Give someone a branded stress ball, and your business will be remembered until that stress ball gets thrown out in the hotel room trash.
Create a memory and a unique experience and that’s when you have something special--a meaningful connection that could turn into a potential client or strategic partner.
When done right, trade shows can be an incredibly effective place to generate brand awareness, meet new contacts, and showcase your latest and greatest products and services.
But your success starts long before you arrive at the convention center or hotel ballroom with your spinner and the massive display that’s part origami, part mechanical engineering project.
If you want to make the most of your trade show spend, you need a plan leading up to, during, and after the event.
Marketing before a trade show
Start to let current and prospective clients know you’re going to be going to be exhibiting at XYZ trade show approximately 45 days out. This can include personal interactions, mentions in email newsletters, and via social media (make sure to include any relevant hashtags).
You also want to monitor your social networks for mentions from contacts about attending the trade show and follow up where it makes sense.
Always look for opportunities to schedule appointments (dinner, coffee, etc.) with partners, stakeholders, and customers during the show. Also think about other businesses and people you want to meet ahead of time. That way you can do some background research and make the most of your time during those initial interactions.
Of course it wouldn’t be a trade show without thinking about your booth—what promotional items make the most sense and most importantly what’s going to help get your business noticed.
It’s okay to be creative and cute with your display, you just want to make sure it’s relevant to your business. John Greathouse profiles how Central Desktop was able to employ a cigar-smoking, bearded angel with an exaggerated New York accent to get some amazing buzz during the San Francisco ad:tech conference in an article for Forbes—definitely a must read for any trade show exhibitor.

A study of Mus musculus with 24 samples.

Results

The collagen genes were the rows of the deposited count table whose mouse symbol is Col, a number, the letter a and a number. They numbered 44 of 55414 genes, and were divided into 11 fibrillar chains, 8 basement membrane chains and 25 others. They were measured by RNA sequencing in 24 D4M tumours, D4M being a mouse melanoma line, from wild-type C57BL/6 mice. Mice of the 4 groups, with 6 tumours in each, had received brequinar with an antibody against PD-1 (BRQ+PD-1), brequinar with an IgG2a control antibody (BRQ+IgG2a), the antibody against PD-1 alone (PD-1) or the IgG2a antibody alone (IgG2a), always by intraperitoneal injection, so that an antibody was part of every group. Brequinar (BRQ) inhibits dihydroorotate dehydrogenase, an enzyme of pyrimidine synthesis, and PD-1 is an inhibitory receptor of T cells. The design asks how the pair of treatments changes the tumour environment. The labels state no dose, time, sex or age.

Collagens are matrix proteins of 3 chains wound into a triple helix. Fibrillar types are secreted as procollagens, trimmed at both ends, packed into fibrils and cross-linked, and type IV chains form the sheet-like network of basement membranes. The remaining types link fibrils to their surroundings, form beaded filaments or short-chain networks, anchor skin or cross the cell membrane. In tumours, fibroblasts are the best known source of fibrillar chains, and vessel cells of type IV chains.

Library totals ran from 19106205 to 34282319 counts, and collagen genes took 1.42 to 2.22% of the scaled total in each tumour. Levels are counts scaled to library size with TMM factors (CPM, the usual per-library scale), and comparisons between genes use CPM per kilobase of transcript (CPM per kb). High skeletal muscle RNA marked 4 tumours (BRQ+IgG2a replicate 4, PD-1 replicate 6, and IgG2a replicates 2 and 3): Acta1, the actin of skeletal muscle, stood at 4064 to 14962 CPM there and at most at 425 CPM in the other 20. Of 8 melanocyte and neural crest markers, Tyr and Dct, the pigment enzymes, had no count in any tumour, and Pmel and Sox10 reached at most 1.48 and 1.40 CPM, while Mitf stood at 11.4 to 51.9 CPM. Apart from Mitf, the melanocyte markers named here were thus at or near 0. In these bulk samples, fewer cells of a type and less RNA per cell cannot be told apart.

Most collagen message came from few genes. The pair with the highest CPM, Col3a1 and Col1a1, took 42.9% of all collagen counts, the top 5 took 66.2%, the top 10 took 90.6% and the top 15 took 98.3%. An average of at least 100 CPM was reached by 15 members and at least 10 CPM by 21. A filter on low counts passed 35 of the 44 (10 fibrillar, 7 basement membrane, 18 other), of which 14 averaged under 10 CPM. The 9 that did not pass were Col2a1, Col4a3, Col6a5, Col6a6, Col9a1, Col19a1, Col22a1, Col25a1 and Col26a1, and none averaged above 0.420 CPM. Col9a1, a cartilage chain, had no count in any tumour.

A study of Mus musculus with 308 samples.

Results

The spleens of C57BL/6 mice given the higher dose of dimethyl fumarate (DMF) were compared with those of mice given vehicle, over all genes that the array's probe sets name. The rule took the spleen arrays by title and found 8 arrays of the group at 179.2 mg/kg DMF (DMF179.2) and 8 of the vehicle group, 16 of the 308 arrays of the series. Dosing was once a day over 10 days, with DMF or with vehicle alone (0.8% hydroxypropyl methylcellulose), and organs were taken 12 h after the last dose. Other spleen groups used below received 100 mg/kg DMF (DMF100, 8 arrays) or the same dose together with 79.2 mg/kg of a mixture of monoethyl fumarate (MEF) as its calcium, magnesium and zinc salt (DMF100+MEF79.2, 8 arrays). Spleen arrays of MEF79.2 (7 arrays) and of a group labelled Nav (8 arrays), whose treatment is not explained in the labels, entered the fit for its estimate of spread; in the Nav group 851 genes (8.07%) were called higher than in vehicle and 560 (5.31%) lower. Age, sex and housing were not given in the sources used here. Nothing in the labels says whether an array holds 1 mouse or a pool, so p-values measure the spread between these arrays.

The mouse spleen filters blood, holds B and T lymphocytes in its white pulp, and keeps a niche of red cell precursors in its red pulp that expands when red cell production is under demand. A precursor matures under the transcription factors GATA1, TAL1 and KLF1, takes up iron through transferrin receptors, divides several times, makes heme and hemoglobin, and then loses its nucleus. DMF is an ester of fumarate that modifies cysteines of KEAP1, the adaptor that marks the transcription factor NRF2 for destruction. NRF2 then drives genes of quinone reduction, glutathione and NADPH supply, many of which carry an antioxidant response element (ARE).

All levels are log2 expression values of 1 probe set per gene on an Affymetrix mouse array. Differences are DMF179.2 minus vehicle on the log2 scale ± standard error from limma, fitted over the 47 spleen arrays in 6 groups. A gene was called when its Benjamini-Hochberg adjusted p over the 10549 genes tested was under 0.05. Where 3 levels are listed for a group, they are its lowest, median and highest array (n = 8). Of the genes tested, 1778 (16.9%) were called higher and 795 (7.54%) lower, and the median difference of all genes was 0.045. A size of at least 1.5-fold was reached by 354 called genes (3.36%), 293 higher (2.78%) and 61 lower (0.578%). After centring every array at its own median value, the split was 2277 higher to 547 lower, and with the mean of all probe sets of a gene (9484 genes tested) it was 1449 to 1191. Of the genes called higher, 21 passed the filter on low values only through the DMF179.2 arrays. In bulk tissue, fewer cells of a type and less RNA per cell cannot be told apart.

The halo? The harp? Tied directly to their move to the cloud? Brilliant.
You’ll also want to check out this article from John on another creative trade show marketing success story.
Marketing during a trade show
I know it can be exciting for some to be away from the family, stay up late, and throw back a few too many cocktails. Remember why you’re there—to meet prospective clients and promote your business. That means you should be easily approachable any time you’re at your booth, mingling with colleagues, riding in an elevator, etc.
And speaking of booths and approachability, those uncomfortable folding chairs are not your friends. If you’re physically able, make sure you wear some sensible shoes, stand up, and get away from behind the table to eliminate any unnecessary barriers to conversations and personal connections.
Notice the focus on personal connections. Collecting hundreds of business cards in a fishbowl doesn’t mean anything if you’re not going to do anything with them. Remember you’ve likely spent a significant amount of time and money on travel, booth fees, displays, promotional items—don’t let your investment go to waste.
Marketing after a trade show
Follow up with relevant contacts. I know that sounds obvious, but you’d be surprised at how many times businesses never get around to what’s arguably the most important outcome from the trade show. If a connection is local, find a time to meet over coffee or at their location so you can build upon the dialogue that started during the event.
In addition to individual follow up, consider generating some content attendees (and those who were unable to make it) would find helpful. This could include a recap, insights into emerging trends, observations, or even responses to questions you received during the event. Content is a great way to drive prospective customers and clients back to your website and also expand your reach to others who find the post online after the trade show.
ExactTarget always hits content out of the park around their Connections conference. Here’s a quick snapshot of some of the creative articles from last year’s event. Something like “The Top 10 Tweet-Worthy Moments” and “The Survival Guide to Connections #ET13” could be a great fit for any trade show.
Above all, maximizing your trade show spend requires a plan that reflects your unique value proposition and the personality of your business AND one that will resonate with potential clients.
It’s okay to employ a cigar-smoking, bearded angel with an exaggerated New York accent—but you better make sure there’s a clear connection with your brand. If not, you could have just saved your money and ordered some of those stress balls.
Looking for more trade show marketing tips? You’ll love this post >> The Inbound Way to Do Trade Show Marketing.